Illustration 21.3: Entropy and Heat Exchange
When two objects are in thermal contact with each other, we expect them to eventually reach the same temperature. However, there is nothing in the first law of thermodynamics that requires this. The only requirement from the first law is that energy be conserved, that the heat from one object goes into the other.
Try Animation 2. Is energy conserved? Does the heat from one go into the other? How does the heasxchange in this case compare with Animation 1? What you see in Animation 2, of course, does not happen, even though energy is conserved. The second law of thermodynamics, that entropy (in an isolated system) either increases or stays the same, governs this. The change in entropy, ΔS, is given by ΔS = ΔQ/T (for reversible processes at a constant temperature), and since Q = mcΔT, with a bit of calculus, you get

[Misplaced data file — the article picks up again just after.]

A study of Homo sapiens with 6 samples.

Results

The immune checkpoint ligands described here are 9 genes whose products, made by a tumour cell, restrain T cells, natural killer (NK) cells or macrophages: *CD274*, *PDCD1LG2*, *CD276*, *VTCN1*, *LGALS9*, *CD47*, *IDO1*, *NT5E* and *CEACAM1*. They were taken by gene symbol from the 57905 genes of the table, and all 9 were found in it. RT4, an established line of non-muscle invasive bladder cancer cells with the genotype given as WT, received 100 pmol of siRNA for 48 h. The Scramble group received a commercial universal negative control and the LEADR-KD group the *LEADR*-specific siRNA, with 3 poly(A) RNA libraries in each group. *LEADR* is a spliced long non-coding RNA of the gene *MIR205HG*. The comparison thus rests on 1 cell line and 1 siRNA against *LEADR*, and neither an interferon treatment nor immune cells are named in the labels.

ΔS = mc ln (Tf/Ti),
where c is the specific heat capacity of a material and m is the mass of the material. What is the change in entropy for each object in the first animation? What is the total change in entropy? What about for the second animation? Notice that the net change in entropy for Animation 1 is positive, and in Animation 2 the net change in entropy is less than zero. According to the second law, processes don't naturally decrease entropy (it requires the input of energy), so what you see in Animation 2 does not occur in an isolated system because that would violate the second law of thermodynamics.
Illustration authored by Anne J. Cox.